While perusing my friendly local DIY center mail insert a few weeks back, in a tiny corner of the back-most page which touted easy kitchen projects, I spotted something I’d never heard of before.
Besides your usual paint for walls, I know of paint for tile, paint for floors, and paint for metal. But paint for countertops? Apparently, Rustoleum has created a paint for laminate kitchen countertops (and laminate furniture/cabinets) that, according to the product website, is smooth and scratch-resistant; contains anti-microbial guards; is washable as well as moisture and chemical resistant; is tintable in 16 shades; and requires no primer.
This first caught my eye because my kitchen countertops, despite being quite new, are just not pretty. When we moved into our house, the kitchen was a dusty rose color with pink and beige laminate floors, matching countertops, and honey-colored wooden cabinets. A lot of paint and some peel-and-stick tile later, my kitchen is now lime green, taxicab yellow and grape with black and white checkered floors and black painted cabinets. But my pinky-beige countertops remain, and they are an eyesore. Being a young family, we can’t afford to replace countertops just because they don’t match the design aesthetic, especially since there’s nothing wrong with them. So the idea of being able to slap some paint onto the final surface of my kitchen that’s been left unaddressed? Sounds pretty awesome to me.
Second, since we often have a miniscule budget to work with, I’ve looked into painting laminate furniture before. I have an unhealthy love for a big-box Swedish retailer, and some of my older items around my home could use some sprucing up. So I have spent many a naptime researching how to paint laminate furniture and the concept of not needing endless cycles of sanding and priming to just maybe get a quasi-even coat of paint on something seems beyond comprehension. Most of the advice I read basically said it was easier to buy new laminate furniture than try to paint it. Dream of inexpensively getting the effects I want efficiently killed.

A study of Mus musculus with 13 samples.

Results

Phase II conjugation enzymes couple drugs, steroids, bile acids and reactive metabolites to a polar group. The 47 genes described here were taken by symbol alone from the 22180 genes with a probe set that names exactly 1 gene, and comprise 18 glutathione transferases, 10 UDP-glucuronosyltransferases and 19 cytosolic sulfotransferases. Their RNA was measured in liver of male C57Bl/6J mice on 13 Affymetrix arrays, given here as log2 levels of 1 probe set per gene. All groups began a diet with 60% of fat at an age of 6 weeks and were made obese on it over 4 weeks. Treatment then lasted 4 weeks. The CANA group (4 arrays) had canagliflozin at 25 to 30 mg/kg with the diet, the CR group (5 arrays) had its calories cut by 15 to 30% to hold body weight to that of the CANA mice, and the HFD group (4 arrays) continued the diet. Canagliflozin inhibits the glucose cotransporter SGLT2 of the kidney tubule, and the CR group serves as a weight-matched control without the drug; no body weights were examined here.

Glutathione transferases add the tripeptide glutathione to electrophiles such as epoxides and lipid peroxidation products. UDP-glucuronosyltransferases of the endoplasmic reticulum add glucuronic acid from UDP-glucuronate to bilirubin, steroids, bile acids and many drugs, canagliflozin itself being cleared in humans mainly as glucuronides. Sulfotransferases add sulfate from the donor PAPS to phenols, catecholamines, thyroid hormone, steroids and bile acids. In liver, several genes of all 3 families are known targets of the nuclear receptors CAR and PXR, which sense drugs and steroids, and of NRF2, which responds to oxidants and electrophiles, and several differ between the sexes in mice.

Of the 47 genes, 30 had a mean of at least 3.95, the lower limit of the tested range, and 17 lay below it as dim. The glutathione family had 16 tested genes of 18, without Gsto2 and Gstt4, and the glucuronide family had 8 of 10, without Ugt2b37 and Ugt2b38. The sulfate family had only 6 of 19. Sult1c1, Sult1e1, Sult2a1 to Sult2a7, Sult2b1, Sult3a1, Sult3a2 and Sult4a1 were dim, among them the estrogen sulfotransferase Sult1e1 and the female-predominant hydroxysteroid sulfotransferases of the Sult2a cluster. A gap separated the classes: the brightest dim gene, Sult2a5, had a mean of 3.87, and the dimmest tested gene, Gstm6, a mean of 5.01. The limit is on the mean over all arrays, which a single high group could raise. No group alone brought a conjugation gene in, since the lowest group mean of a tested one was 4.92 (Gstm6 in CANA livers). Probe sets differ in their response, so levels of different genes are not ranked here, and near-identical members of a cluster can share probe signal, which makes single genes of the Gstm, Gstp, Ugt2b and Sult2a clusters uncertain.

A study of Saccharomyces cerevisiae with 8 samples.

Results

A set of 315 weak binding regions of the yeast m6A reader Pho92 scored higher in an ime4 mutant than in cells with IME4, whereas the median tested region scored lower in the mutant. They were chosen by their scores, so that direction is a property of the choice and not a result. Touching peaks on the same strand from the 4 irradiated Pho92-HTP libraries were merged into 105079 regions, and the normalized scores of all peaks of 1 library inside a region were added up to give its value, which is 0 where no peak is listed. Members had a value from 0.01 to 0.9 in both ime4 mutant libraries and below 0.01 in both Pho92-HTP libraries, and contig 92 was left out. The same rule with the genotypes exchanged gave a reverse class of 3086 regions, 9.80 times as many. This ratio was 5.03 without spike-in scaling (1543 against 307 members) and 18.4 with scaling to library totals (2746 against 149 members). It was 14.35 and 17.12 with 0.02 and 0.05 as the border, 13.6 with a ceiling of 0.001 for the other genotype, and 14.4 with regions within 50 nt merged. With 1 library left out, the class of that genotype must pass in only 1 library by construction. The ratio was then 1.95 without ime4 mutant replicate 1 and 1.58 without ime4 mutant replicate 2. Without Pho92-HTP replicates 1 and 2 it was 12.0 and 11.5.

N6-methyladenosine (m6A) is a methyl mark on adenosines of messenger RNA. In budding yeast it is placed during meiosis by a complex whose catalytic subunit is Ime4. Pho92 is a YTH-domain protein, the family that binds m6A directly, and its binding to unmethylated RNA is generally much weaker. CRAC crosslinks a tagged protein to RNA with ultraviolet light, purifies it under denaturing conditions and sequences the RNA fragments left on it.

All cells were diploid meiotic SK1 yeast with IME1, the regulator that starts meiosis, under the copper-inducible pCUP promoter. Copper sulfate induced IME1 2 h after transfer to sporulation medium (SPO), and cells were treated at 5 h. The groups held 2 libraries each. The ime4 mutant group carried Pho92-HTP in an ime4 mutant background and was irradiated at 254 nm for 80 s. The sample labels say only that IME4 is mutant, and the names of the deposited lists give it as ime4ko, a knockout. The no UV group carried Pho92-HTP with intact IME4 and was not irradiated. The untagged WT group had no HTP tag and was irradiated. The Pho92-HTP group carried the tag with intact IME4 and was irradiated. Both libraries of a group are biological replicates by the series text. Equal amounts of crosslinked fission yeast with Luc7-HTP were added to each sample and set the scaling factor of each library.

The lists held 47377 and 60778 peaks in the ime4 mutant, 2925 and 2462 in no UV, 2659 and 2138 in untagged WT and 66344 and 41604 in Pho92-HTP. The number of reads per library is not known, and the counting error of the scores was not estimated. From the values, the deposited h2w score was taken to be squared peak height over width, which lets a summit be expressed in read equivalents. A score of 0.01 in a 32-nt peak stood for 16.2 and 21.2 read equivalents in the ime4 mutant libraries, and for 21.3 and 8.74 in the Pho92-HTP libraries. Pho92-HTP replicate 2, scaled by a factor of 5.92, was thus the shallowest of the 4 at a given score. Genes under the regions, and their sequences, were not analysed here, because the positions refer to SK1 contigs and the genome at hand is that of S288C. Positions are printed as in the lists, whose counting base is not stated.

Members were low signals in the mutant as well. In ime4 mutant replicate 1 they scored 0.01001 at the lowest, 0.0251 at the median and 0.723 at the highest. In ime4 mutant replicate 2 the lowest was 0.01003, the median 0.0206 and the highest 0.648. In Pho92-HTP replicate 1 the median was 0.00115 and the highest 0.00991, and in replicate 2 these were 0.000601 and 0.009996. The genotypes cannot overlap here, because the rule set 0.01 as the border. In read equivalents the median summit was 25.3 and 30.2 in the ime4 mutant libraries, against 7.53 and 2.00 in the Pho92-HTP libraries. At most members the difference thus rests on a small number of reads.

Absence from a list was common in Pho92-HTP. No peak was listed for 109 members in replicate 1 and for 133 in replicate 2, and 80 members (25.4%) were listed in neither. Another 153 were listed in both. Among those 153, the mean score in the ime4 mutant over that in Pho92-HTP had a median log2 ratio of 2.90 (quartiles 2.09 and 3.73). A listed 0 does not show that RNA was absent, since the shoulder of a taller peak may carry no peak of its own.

But now, reading over the label, I have hope that my seemingly impossible dreams of new countertops and re-purposed furniture may yet reach fruition. It says this product can also be used on vinyl tiles, wood, and metal, although it is not recommended for floors (and the wood and metal indeed need primer). The usual painting standards apply for things like weather conditions and proper ventilation, though it does say it needs three days to properly cure, which could be inconvenient at best when living in the space you’re working on. It also suggests using a foam roller for as much as possible and says you’ll need xylene to thin it (if necessary) and to clean any painting utensils used. A one-quart container is said to cover 25 linear feet of an “average” countertop, so some math will be required to figure out exactly how much you’d need for your specific project. As per my local ad, at a price of roughly $20 per can, this appears to be a fairly easy and inexpensive way to change the look of many a difficult surface in a home. Anyone out there tried this product yet and have advice or pictures to share? I’m dying to know how it truly pans out.